You all know how to make your digital marketing content work for you outside of the office – establishing your brand, bringing in leads, growing your sales, and more. However, more and more companies are starting to realize the benefits of creating newsletters for internal staff. Not only is this a great way to keep employees, Board members, and other staff informed, but this newfound knowledge from them could actually bleed into your overall business goals outside the office as well. In other words, it’s a win-win for everyone. Learn how to be successful below.
Part I: How to Create an Internal Newsletter
We recommend putting out a newsletter at least bi-weekly in order to keep the momentum going. When it comes to success, there are a few key questions you need to ask yourself to make sure you are using the newsletter and spending your time doing something valuable. A few questions to ask include:
Step #1: Who Will Receive the Newsletter?
Your first step when thinking about an internal newsletter is who exactly will get the newsletter. Depending on your business, you may have drastically different departments. Take Dunder Mifflin from The Office for example. The upstairs staff may be most interested in the person who had the most sales that month, while the downstairs staff would probably be more interested in the company’s plans to expand the warehouse. If you throw in Board members, they may be more interested in the financials of the company.
With all that said, our recommendation is to have on newsletter with different sections. In the example above, while the warehouse staff may not fully understand what goes into having the most sales for the month, it is good for both departments to be aware of what is going on in the company as a whole. Perhaps they have ideas for collaboration that they would not have realized before. A newsletter promotes company culture; just make sure you recognize the needs of all your different departments.
Note: As for board members, having a separate newsletter might be best. Having a board member volunteer to write this newsletter would work best, which brings us to the next point.
Step #2: Who Will Write the Newsletter and Come Up with Content Ideas?
It is sometimes hard for business owners to take the leap into an internal newsletter because it doesn’t directly correlate to anything monetary. This also makes it hard to decide who you are going to pay to take time out of his/her day to write the newsletter. This, however, all comes back to valuing the internal newsletter entirely. If written correctly, it improves company culture and keeps employees up to date, which should in turn help the business as a whole cut down on turnover rate and foster new and creative ideas—and this does correlate to something monetary.
Once you, the business owner, really believes in the benefits of such a newsletter, delegating someone to write the newsletter is easy. Some companies choose someone in the marketing or content department to write the letter, while others ask the staff to pitch in by having each department head write a few paragraphs on what has been going on. More on this in step 4.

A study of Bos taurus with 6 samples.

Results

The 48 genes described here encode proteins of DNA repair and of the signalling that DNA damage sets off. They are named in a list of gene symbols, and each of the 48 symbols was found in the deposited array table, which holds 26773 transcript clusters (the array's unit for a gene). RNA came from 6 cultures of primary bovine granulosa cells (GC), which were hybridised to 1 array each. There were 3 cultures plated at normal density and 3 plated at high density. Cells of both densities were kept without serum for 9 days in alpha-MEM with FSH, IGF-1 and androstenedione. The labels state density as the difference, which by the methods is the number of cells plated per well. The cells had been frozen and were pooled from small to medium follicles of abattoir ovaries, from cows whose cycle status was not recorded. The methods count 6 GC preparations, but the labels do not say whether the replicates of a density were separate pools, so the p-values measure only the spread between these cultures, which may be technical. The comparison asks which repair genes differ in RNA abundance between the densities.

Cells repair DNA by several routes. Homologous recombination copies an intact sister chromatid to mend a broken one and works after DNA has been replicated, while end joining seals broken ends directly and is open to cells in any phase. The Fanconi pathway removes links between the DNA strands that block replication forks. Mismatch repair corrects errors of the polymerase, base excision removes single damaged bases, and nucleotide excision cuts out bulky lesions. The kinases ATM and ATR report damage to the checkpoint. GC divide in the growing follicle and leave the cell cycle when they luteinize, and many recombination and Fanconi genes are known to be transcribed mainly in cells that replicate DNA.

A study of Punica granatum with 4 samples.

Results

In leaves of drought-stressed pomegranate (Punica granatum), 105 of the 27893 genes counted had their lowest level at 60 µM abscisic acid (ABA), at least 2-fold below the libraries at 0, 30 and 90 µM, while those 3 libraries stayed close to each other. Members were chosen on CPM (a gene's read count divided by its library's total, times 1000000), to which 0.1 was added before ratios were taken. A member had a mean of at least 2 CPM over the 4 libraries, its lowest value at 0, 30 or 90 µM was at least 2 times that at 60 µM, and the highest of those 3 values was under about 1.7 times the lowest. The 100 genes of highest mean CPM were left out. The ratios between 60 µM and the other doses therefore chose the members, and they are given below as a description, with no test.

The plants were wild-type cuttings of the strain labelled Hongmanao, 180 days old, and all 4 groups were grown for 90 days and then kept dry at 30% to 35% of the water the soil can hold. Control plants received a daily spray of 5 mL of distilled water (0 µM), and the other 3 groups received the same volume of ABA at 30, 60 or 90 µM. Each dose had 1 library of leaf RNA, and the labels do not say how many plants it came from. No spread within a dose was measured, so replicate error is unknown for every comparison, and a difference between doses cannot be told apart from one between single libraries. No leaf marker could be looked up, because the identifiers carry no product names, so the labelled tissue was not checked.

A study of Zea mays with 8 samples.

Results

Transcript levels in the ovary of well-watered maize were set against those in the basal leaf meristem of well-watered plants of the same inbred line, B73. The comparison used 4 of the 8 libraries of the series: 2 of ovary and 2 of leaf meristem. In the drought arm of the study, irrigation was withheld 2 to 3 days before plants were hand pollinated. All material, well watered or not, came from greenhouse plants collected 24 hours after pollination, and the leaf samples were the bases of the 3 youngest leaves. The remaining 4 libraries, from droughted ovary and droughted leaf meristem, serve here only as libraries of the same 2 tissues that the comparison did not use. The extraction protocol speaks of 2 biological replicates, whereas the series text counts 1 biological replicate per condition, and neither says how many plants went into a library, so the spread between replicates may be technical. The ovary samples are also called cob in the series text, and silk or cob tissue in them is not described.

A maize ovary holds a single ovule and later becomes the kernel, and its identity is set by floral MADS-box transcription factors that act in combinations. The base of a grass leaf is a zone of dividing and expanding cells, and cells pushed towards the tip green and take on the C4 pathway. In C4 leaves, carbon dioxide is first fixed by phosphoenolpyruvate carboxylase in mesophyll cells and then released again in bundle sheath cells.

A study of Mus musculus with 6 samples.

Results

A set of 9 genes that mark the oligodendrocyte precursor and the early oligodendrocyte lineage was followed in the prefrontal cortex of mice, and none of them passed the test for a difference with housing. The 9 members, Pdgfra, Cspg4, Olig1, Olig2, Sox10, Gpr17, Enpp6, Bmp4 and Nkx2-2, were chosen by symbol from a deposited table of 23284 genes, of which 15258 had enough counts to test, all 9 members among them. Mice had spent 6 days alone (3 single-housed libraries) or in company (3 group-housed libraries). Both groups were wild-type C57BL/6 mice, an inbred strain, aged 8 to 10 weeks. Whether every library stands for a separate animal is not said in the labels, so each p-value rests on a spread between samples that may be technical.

Step #3: How Will You Format the Newsletter?
As discussed above, breaking your newsletter out into departments is a great way to stay organized and make sure you have content for everyone. However, you also want to make sure you are using this for company announcements. We recommend including these announcements first to make sure people read. This is the perfect place to announce events and ask for employee feedback as well. Another section you may want to add (depending on how large your company is) is industry news. Remember, while internal newsletters are a great way to encourage collaboration and better internal communication, it can also be used to spark ideas.
Step #4: How Will You Get Your Employees Involved?
Piggybacking off of step 2, everyone wants to feel recognized and appreciated, so it’s important as a business owner to do just that. When you develop content, ask for their input. I know telling your wife what you actually thought of last night’s dinner when asked can be terrifying and even dangerous at times, but feedback and constructive criticism are healthy and essential. The same goes for your company; don’t be afraid to ask your employees for feedback. You critique them on the work they do, let them critique the content produced within your digital marketing platform. It’s what’s best for the relationship.
Part II: Content Marketing for Employees
As discussed above, a big part of using an internal newsletter is marketing to employees first. See what ideas they think stick, see which stories get the most clicks, and offer incentives that they will care about. In a sense, you are actually marketing to them whether you think of it that way or not. Check out more ideas here.
Social media is another great way to market to your employees. Although not a newsletter per-se, a social media post can go a long way. If successful, put it in your newsletter! This will get your employees more interested in social and start sharing your posts. Eventually (and with some coaxing, of course) the hope is that your newsletter stories and articles will soon be shared on social by the entire team.
Below is a post from a local animal shelter acknowledging the good work put forth by several people volunteering from a partnership with another company.
Ultimately, employees want their achievements to be acknowledged. By entrusting smaller marketing tasks to them, you are letting them know that you value their perspectives and input. This can help boost morale and create hard-working, dedicated employees.
Do you put out an internal newsletter for your employees? What has worked with your team in the past? Let us know in the comment section below!